Poll: 0% of Black Voters Say They Had a Poor Experience Voting in Georgia

Democratic Senate candidate Reverend Raphael Warnock attends a rally on October 24, 2020, in Duluth, Georgia. - Neighbors and volunteers are handing out water and snacks to the masked voters waiting patiently in line to cast their ballots on a hot October day in the Atlanta suburb of Smyrna. Americans …
ELIJAH NOUVELAGE/AFP via Getty Images

No black voters had a poor experience voting in the 2022 midterm elections in Georgia, according to a poll conducted by the University of Georgia.

The poll, published Monday by the Atlanta Journal-Constitution, found that among black voters, 73 percent said they had an “excellent” overall experience voting, 23 percent said they had a “good” experience, three percent said they had a “fair” experience, and zero percent said they had a “poor” experience.

The 73 percent of black voters who said they had an “excellent” experience is equal to the percentage of white voters, also 73 percent, who said they had an “excellent” experience voting.

Among all of the poll’s 1,253 respondents, more than 95 percent said they had an “excellent” or “good” overall experience voting, while four percent said their experience was “fair” and less than one percent said their experience was “poor.”

A voter exits a polling location in Columbus, Georgia, US, on Sunday, Nov. 27, 2022. Democratic US Senator Raphael Warnock led Walker by about 36,000 votes or 0.9 percent in the general election, but neither candidate broke the 50% threshold needed to avoid the Dec. 6 runoff. Photographer: Cheney Orr/Bloomberg via Getty Images

A voter exits a polling location in Columbus, Georgia, November 27, 2022. (Cheney Orr/Bloomberg via Getty Images)

That Georgians had an overwhelmingly smooth time with casting their ballots comes after repeated fear-mongering from top Democrats, including newly reelected Sen. Raphael Warnock (D-GA), President Joe Biden, and two-time losing gubernatorial candidate Stacey Abrams, that the state’s Election Integrity Act of 2021 would suppress votes of racial minorities.

During the U.S. Senate debate in October, Warnock painted a picture of voters having to fight an arduous uphill battle to get to the polls because of the bill after he was asked by the debate moderator why — if voter suppression existed — did Georgia see record turnout and an increase in black voters in the state’s primary that year.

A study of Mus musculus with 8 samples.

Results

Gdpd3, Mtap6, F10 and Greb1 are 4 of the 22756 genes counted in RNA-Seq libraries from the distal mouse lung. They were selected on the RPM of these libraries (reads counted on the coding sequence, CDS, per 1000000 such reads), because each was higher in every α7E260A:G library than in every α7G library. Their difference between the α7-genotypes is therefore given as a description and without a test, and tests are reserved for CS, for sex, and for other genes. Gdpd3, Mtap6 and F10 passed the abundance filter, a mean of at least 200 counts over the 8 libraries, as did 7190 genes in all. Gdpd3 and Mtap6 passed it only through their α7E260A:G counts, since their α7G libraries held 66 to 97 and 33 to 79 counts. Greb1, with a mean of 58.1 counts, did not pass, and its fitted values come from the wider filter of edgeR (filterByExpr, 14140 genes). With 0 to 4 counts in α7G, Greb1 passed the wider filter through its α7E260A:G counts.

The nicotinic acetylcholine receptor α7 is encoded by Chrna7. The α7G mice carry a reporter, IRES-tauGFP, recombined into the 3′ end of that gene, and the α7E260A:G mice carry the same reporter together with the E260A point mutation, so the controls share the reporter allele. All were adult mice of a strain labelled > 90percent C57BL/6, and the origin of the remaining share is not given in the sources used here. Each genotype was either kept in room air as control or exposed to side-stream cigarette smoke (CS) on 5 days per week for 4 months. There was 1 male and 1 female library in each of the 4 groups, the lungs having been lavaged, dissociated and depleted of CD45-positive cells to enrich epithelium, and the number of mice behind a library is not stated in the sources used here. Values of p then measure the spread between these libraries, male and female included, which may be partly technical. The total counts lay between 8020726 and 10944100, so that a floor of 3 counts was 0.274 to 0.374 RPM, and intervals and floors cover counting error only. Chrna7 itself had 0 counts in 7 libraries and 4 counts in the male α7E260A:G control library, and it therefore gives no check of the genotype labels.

Warnock said:

The fact that many of our voters are overcoming this hardship doesn’t undermine that reality. They’ve made it harder for folks to use the drop boxes. They’ve shortened the registration times. Folks are saying, you know, “You shouldn’t have to— you should be able to get food or water in a line.” I think the question is more fundamental than that. Why are the lines so long in certain communities, and not others?

Warnock, Abrams, Biden, and other Democrats decried the voting overhaul bill as “Jim Crow 2.0” or “Jim Crow in the 21st century.”

Major League Baseball (MLB) famously pulled its All-Star Game out of Georgia in 2021 in protest of the election law, depriving the state of valuable revenue.

The poll is the latest indicator, following record-breaking turnout numbers and few to no local reports of hardship about voting during the past year, that the claims made by Democrats and their corporate allies, like the MLB and Coca-Cola, were false.

More than 90 percent of the poll’s respondents said casting a ballot was easy in the 2022 midterm elections.

A majority of respondents, 75 percent, said they waited less than ten minutes in line to cast their ballot, while 21 percent said they waited from ten to 30 minutes to cast theirs. Four percent said they waited 31 minutes to an hour, and one percent said they waited more than an hour.

“Yet again, the myth of voter suppression in Georgia fails to be supported by a shred of evidence,” Gov. Brian Kemp (R) said in a statement about the poll results. “Democrats have juiced this lie for every cent it was worth, disparaging our state and undermining faith in our elections. But the facts are clear: Georgia’s Election Integrity Act made it easy to vote and hard to cheat.”

The poll was conducted from November 13 through the day of the runoff election, December 6, and had a margin of error of +/- 2.8 percentage points.

Write to Ashley Oliver at aoliver@breitbart.com. Follow her on Twitter at @asholiver.